Since the Nebra Sky Disc itself has no counterpart, the accompanying finds served as initial clues: swords, axes, one chisel, and arm spirals.
We know simple arm spirals like those from Nebra from numerous finds of the Bronze Age. These arm ornaments were in use for a long time and are therefore unsuitable for more precise dating. The axes, on the other hand, belong to the group of axes with flanged edges and a slight stop ridge in the middle - a form typical of the Early Bronze Age around 1600 BC in the region of the lower Elbe and Oder rivers. Nick-flanged chisels like that of Nebra are also characteristic types of this period.
According to their shape, the Nebra swords form an original creation, a mixture of south-east and north European elements, as known from some less precious weapons from Germany between 1700 and 1500 BC.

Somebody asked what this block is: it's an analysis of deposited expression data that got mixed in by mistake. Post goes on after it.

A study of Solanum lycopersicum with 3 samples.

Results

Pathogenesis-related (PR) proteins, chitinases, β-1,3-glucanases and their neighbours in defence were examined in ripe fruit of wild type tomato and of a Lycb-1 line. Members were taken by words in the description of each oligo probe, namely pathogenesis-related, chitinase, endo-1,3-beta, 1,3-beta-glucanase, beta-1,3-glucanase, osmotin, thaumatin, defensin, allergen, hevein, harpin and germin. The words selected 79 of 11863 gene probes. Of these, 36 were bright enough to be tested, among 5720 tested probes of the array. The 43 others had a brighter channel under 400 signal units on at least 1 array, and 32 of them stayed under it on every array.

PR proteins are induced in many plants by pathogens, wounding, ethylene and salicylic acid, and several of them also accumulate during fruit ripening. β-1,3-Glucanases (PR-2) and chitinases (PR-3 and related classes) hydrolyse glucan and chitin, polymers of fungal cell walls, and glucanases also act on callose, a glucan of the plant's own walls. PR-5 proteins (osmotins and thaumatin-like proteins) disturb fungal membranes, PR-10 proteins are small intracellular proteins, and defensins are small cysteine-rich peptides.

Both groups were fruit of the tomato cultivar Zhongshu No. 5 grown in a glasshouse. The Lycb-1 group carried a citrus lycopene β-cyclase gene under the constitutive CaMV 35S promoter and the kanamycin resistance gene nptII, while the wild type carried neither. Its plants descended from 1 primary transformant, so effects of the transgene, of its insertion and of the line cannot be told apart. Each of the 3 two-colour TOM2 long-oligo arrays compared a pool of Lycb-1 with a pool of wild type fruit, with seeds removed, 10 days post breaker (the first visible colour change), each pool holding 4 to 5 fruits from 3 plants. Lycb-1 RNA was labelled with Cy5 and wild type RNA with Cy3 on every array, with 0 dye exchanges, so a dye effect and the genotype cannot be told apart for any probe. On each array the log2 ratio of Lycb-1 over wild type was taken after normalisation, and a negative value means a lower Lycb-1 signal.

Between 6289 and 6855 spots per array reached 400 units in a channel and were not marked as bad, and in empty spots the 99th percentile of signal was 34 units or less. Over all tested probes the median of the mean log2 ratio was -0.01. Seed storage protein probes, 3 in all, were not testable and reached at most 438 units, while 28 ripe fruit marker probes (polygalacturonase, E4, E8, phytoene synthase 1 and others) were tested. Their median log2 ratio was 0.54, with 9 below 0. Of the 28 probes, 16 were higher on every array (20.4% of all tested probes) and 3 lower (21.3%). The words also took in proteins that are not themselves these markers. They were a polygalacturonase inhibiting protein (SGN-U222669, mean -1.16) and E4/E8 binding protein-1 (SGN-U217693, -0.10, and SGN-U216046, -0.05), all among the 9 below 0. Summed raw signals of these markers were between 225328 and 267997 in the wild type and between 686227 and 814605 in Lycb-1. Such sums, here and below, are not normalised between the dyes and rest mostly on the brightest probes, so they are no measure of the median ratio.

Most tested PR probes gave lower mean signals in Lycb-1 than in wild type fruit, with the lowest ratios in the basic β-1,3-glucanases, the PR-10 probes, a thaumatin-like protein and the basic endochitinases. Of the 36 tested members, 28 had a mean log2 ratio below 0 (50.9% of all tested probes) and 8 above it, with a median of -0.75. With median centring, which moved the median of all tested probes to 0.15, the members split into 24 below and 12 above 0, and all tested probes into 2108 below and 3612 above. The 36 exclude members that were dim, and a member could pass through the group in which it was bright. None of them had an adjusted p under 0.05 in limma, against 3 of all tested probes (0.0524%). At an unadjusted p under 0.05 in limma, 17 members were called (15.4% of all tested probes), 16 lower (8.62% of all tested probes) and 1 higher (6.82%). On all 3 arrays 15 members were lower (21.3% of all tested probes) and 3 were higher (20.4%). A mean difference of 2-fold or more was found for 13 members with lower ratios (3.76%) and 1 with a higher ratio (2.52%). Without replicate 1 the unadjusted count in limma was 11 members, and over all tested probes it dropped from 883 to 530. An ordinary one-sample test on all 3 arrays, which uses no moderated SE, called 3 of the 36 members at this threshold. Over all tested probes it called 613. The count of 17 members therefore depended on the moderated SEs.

With the help of scientific methods one can distinguish between modern and ancient bronze – an alloy of copper and tin. This distinction is based on the fact that copper, like most metals, is weakly radioactive after smelting. The radioactivity comes from the naturally occurring radioactive lead (210Pb) which can still be detected about 100 years after smelting. The bronze Sky Disc does not contain any measurable radioactivity and must therefore be older. This is also supported by the chemical composition of the metal and the coarse structure of the corrosion layer that has grown over a very long period of time.
Remains of birch bark from the 16th to 15th centuries BC were found in the hilts of the Nebra swords. Their age could be determined quite precisely with the help of radiocarbon measurement (14C method).